Rosalinda Santiz-Diaz, an indigenous artisan who is working to establish equality for women in Chiapas, Mexico, will be the keynote speaker for Women’s History Month at The University of Toledo.
She will discuss “Walking in Women’s Land: Indigenous Women’s Rights in Chiapas, Mexico” Monday, March 10, at 3:30 p.m. in Student Union Room 2592.
A gifted weaver, Santiz-Diaz is president of the Center for Women’s Training and Development at K’inal Antzetik (Land of Women) in Chiapas. Founded in 1992, the non-government organization brought together indigenous women to pool their skills to increase their income and role in community development. Now the Chiapas chapter also provides sexual health and reproductive rights education, literacy programs, and leadership development for women.
“We demand a life with justice and dignity without any violence … today we give you the colors of our work to join your dances and songs, fights and reclaims of a better life,” Santiz-Diaz said her address to the World Court of Women Against War in South Africa.
She led the Mayan women’s weaving cooperative known as Jolom Mayaetik, which was the initial focus of K’inal Antzetik. The two organizations are meeting the United Nations Millennium Development goals of addressing extreme poverty and hunger, empowering women and girls, promoting gender equality and economic development, improving maternal health, reducing maternal and infant mortality, and promoting women’s reproductive health.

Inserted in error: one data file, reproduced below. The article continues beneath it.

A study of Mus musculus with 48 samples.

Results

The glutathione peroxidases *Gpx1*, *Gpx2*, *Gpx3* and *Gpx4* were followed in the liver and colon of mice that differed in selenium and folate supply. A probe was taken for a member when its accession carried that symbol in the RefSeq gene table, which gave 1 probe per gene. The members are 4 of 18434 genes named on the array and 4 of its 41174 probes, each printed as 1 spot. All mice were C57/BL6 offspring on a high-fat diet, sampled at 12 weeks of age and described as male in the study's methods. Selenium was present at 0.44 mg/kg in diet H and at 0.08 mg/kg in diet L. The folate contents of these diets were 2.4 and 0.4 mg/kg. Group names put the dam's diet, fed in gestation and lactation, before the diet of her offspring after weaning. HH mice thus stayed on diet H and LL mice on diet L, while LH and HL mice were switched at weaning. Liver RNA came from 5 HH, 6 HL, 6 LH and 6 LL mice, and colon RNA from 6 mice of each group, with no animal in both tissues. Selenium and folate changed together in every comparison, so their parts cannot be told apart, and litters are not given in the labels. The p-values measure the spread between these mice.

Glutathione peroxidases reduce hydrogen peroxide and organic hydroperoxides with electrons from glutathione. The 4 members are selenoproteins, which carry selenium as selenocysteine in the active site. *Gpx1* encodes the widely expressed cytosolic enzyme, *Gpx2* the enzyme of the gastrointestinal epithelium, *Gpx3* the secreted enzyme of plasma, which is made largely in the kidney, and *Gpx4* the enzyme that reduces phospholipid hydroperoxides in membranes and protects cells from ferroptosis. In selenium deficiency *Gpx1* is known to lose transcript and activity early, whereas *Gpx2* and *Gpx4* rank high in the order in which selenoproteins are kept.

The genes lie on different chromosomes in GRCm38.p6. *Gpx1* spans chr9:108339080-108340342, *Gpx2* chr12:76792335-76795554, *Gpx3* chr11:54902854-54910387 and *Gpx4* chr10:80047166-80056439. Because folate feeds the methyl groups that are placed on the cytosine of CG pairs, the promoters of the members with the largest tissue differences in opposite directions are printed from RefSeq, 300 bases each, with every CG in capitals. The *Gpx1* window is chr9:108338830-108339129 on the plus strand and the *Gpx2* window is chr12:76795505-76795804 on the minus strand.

“Rosalinda Santiz-Diaz is an internationally known leader in the transnational women’s movement working to end economic, political and domestic violence against women,” Charlene Gilbert, UT professor and chair of women’s and gender studies, said. “Her work is a testament to the power of women to mobilize their collective cultural resources in the service of community and indigenous rights.”
“K’inal Antzetik addresses ending economic, military, political and domestic violence against women, building capacity for indigenous women and communities while preserving Mayan culture,” Lea McChesney, UT visiting assistant professor of anthropology, said.
Following Santiz-Diaz’s talk, there will be a reception and market at 5 p.m. Weaving created by indigenous women of Chiapas and sold through Jolom Mayaetik will be available for purchase; all funds will benefit these indigenous organizations.
For more information on the free, public program, call the UT Department of Women and Gender Studies at 419.530.2233.